One day after the Department of Homeland Security announced record-high deportations of illegal immigrants, ColorLines has a good story about some of the

Jul 31, 2020
One day after the Department of Homeland Security announcedrecord-high deportations of illegal immigrants, ColorLines has a good storyabout some of the problems of heavy enforcement — particularly under a system that strongly favors deportation. Framed by the story of a legal resident who was deported for telling border guards he was a citizen — he said he misspoke and told them he had a green card minutes later — the piece explains how immigrants are harmed by the harsh laws and the Obama administration’s effort to appear tough on immigration to broker a bipartisan immigration reform deal.
Shahed Hossain, who had lived legally in the U.S. for 10 years, was deported in 2007 after more than a year in a detention facility. He was stopped at the border and told guards he was a citizen before backtracking, ColorLines reported. Under the 1996 Immigration Reform and Individual Responsibility Act, it is illegal for any immigrants — even those with green cards — to claim to be citizens:
The law was intended to prevent undocumented immigrations from lying to get a job or enter the country without a visa. It wasn’t supposed to target green card holders like Hossain, but as with all of the beefed-up enforcement initiatives federal officials have launched since then, the law is a blunt tool. So Hossain was charged that day with making a false claim to U.S. citizenship. The charge triggers automatic deportation.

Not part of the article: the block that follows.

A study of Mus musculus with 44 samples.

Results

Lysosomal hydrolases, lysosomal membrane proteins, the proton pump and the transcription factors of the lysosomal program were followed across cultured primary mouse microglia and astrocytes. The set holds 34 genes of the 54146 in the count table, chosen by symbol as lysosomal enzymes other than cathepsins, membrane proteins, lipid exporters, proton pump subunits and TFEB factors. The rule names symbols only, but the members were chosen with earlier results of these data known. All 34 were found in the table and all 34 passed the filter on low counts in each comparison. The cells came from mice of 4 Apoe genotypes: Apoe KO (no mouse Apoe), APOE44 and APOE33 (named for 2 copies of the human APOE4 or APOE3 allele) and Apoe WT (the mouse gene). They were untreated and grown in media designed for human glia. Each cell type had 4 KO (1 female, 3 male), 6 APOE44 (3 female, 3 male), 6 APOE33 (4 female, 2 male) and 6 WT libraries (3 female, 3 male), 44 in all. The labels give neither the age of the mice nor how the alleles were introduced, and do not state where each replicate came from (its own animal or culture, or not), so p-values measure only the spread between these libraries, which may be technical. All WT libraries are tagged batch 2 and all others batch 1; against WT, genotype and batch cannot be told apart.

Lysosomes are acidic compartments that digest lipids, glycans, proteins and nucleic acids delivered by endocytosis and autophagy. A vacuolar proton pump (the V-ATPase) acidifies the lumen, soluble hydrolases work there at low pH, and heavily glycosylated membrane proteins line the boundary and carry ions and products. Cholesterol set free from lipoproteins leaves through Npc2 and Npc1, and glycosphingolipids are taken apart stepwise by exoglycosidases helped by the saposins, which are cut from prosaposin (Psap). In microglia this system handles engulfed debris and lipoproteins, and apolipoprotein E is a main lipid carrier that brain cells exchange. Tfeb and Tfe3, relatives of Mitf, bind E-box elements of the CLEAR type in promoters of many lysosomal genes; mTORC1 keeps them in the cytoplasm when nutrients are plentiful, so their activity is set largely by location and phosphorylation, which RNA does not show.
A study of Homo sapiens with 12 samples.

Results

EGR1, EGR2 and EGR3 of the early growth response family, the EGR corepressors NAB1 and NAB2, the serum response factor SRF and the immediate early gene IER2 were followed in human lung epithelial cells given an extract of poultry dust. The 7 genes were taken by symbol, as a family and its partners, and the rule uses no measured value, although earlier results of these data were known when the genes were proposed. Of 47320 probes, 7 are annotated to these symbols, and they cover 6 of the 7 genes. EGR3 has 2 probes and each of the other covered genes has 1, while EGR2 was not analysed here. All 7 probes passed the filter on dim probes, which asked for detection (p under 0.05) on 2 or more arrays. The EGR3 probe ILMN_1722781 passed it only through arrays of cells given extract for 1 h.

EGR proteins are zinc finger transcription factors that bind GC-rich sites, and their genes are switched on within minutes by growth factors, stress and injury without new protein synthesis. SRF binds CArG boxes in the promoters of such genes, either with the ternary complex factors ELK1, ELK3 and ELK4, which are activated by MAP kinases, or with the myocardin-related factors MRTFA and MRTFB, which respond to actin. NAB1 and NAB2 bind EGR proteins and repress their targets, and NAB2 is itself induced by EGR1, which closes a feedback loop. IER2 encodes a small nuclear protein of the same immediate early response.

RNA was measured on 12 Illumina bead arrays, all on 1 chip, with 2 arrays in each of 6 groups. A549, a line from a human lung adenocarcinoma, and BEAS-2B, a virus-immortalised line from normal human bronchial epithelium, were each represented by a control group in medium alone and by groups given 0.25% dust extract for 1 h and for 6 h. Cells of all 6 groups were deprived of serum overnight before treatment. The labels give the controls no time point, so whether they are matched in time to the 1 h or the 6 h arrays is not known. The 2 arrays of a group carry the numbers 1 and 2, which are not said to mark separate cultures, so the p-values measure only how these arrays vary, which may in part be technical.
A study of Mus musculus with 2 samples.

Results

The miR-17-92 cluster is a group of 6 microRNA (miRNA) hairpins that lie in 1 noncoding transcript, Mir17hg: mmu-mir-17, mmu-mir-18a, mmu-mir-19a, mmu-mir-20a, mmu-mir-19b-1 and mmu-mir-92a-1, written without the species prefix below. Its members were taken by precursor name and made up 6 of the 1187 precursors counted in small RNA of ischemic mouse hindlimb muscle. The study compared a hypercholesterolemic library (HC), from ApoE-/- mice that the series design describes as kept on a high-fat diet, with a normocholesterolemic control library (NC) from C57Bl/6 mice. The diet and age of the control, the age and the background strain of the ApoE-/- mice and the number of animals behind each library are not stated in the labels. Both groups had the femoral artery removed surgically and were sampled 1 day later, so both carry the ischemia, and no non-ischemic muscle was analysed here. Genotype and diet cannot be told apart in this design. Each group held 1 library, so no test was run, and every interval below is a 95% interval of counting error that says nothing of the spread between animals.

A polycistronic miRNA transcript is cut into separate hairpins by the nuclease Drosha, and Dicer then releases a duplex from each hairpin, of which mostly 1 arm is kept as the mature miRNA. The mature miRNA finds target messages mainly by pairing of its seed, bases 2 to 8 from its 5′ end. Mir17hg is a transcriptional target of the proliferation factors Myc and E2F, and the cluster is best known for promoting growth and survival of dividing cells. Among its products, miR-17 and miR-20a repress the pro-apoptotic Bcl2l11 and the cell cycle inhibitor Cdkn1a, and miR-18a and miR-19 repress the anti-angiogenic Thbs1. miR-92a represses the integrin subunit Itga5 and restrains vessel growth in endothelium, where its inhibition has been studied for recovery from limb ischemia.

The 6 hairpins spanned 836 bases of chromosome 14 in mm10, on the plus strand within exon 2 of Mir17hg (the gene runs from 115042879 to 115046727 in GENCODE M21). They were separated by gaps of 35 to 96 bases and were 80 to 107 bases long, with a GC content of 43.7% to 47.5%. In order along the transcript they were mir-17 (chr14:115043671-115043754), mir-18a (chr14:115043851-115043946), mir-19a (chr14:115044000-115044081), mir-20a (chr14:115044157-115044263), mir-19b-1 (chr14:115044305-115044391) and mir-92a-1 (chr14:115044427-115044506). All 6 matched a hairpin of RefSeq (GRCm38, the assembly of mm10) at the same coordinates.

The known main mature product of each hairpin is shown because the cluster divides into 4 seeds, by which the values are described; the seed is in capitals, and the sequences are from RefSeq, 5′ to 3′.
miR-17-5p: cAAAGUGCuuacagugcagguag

Since the mid-90s, the immigration removal system has become increasingly standardized to the point of removing nearly all discretion from immigration judges. While judges previously could cancel deportation based on the individual’s circumstances, current law makes it next to impossible to do so.
Judges also face a monumental number of cases: In mid-June, a record of 247,922 cases were awaiting resolution in immigration courts, according toTransactional Records Access Clearinghouse at Syracuse University. These cases are sometimes dealt with in mass hearings, NPR reportedin September. As programs such as Secure Communities and Operation Streamline net moreillegal immigrants, backlogs and heavy caseloads seem likely to exacerbate the problem of a conveyor-belt judicial process.
At the same time, Democrats have stepped up immigration enforcement in an effort to compromise with Republicans. But comprehensive immigration reform has yet to appear, and immigrant rights groups argue it is the only way to resolve the problems within the current immigration enforcement system:
“If we are going to be continuing to escalate what we call enforcement, or mass deportation,” says Michelle Fei, director of the Immigrant Defense Project in New York City, “many … who are coming forward to register or to get legalized might actually land in deportation. Enforcement will undercut the promise of reform. We don’t want a system that is rounding people up and deporting people without due process.”
Dexter Cooke

Dexter Cooke

Dexter Cooke is an economist, marketing strategist, and orthopedic surgeon with over 20 years of experience crafting compelling narratives that resonate worldwide. He holds a Journalism degree from Columbia University, an Economics background from Yale University, and a medical degree with a postdoctoral fellowship in orthopedic medicine from the Medical University of South Carolina. Dexter’s insights into media, economics, and marketing shine through his prolific contributions to respected publications and advisory roles for influential organizations. As an orthopedic surgeon specializing in minimally invasive knee replacement surgery and laparoscopic procedures, Dexter prioritizes patient care above all. Outside his professional pursuits, Dexter enjoys collecting vintage watches, studying ancient civilizations, learning about astronomy, and participating in charity runs.